If there’s one thing CBS’ “Undercover Boss” proves after five seasons, it’s that the disjointed relationship between employer and employee is universal.

After nearly 80 episodes of dirty jobs, bad wigs and big reveals in the United States alone, the series in which a chief exec dons a disguise to learn about his company and its workers has 20 localized versions around the globe. Meanwhile, the American and British iterations that launched the franchise appear in more than 250 territories.

“Everybody was skeptical that we could pull it off in terms of multiple seasons,” says creator Stephen Lambert, who also serves as chairman of All3Media America, which produces the CBS version. “We got very good at coming up with reasons as to why we were filming people.”

Lambert developed the British “Undercover Boss” after hearing from a friend who had interviewed the CEO of British Airways about the rocky opening of a terminal at London’s Heathrow Airport.

“(My friend) asked him, ‘When was the last time you went on a British Airways flight?’ The terminal was complete chaos. And he said, ‘I could never do that. I would be recognized.’ The notion of having a boss go undercover grew from that,” Lambert says.

Lambert went to Channel 4 in the U.K., for whom he had created “Wife Swap,” another format that translated well for U.S. audiences. “Undercover Boss” debuted in the U.K. in 2009, then earned 38.6 million viewers for its Stateside premiere immediately following the 2010 Super Bowl.

“I’m very keen on those closed-episode shows that work in Britain. If they work there, then there’s a good chance that they’ll work here,” he says.

Unlike serialized shows like “The Amazing Race” and “Survivor” that build drama over the course of a season, having weekly, closed-ended episodes gives “Undercover Boss” a repeatability.

“It’s a fantastic utility player that performs well in premiere but also can be repeated in the summer,” Lambert says.

Awareness of the show within the territories it appears in has made producing the series easier than it was in the first season, as well.

“In your first season, the bosses who were willing to take part are the bravest because they don’t know what it is, they haven’t seen it, and the element of trust is enormous,” Lambert explains. “It’s still very important that the bosses trust us, but now they know what’s involved, and that’s another part of why it’s a sustainable format.”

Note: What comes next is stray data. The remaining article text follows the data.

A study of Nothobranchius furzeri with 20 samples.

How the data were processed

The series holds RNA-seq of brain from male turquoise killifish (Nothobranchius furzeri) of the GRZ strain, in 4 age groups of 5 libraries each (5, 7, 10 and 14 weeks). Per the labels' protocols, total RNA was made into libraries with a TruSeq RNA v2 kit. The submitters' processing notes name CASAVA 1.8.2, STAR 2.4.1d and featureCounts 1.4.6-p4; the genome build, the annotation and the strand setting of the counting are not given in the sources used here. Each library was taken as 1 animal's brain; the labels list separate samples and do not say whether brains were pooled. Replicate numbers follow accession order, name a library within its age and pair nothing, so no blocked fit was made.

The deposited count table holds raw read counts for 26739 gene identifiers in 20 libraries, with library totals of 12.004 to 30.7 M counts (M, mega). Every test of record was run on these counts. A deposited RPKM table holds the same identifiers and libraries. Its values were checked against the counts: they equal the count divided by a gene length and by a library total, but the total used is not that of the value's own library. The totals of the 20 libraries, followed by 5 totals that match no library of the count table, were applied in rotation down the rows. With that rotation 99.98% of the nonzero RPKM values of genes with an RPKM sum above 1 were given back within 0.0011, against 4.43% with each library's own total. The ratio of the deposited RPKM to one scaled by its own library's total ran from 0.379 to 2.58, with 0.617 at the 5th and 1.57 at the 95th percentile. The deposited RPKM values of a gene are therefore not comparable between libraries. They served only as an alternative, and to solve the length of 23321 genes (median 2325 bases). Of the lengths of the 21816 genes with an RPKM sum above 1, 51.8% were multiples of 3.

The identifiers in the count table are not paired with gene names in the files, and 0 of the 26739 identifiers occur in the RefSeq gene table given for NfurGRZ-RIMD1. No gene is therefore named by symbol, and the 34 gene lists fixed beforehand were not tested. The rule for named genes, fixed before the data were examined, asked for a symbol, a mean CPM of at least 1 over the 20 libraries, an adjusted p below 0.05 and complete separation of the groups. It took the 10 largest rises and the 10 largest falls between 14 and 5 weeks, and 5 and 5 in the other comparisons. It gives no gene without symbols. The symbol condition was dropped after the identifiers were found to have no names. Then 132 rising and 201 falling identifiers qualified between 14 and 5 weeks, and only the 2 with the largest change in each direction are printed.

Though the format is generally the same in every territory, the American version tends to use more locations, which makes it more expensive to produce.

“CBS was always very clear that they wanted the boss to go to many different states so that it didn’t feel like (it was) just coming from one part of the country,” Lambert says. “It might not look like that on first account, but each episode is its own little film.”

While every CEO who signs on to participate in the series hopes to find out what needs fixing in his organization, philanthropy has also become a hallmark of every episode. Cynics might smirk at watching a multimillionaire listening, wide-eyed, to common stories of economic hardship, but “Boss” participant Stephen J. Cloobeck — the only exec to have appeared in two separate full-length episodes — says the desire to give is real.

“I really learned about what my team members were going through individually,” says Cloobeck, who has set up a $2 million crisis fund for his company’s employees as a direct result of his participation. “I’d recommend it to any chairman or CEO because it will open their eyes up to what their business is really about and change their company forever in the most positive of ways.”

Lambert says the idea for a philanthropic angle grew from his experience in creating ABC’s “Secret Millionaire.” “It’s not just about philanthropy, but the philanthropic elements — the boss doing something for these people that they’ve been working alongside — that’s what gives it emotional power.”

Since the series’ debut, it has gone on to win two Primetime Emmy Awards for reality program in 2012 and 2013. Although the ratings in Season 5 were down from season 4, the March 14 season finale was up a full 30% from the previous season’s ender. CBS has renewed the show for a sixth season, and plans to use it as a midseason replacement series.

“We were able to do a deal with CBS distribution, selling it to Discovery in the form of TLC and OWN, and that’s added to what’s been a great economic performance for us,” Lambert says. “The prize is (having) a reality show on broadcast that can be sold to cable. That was a big day.”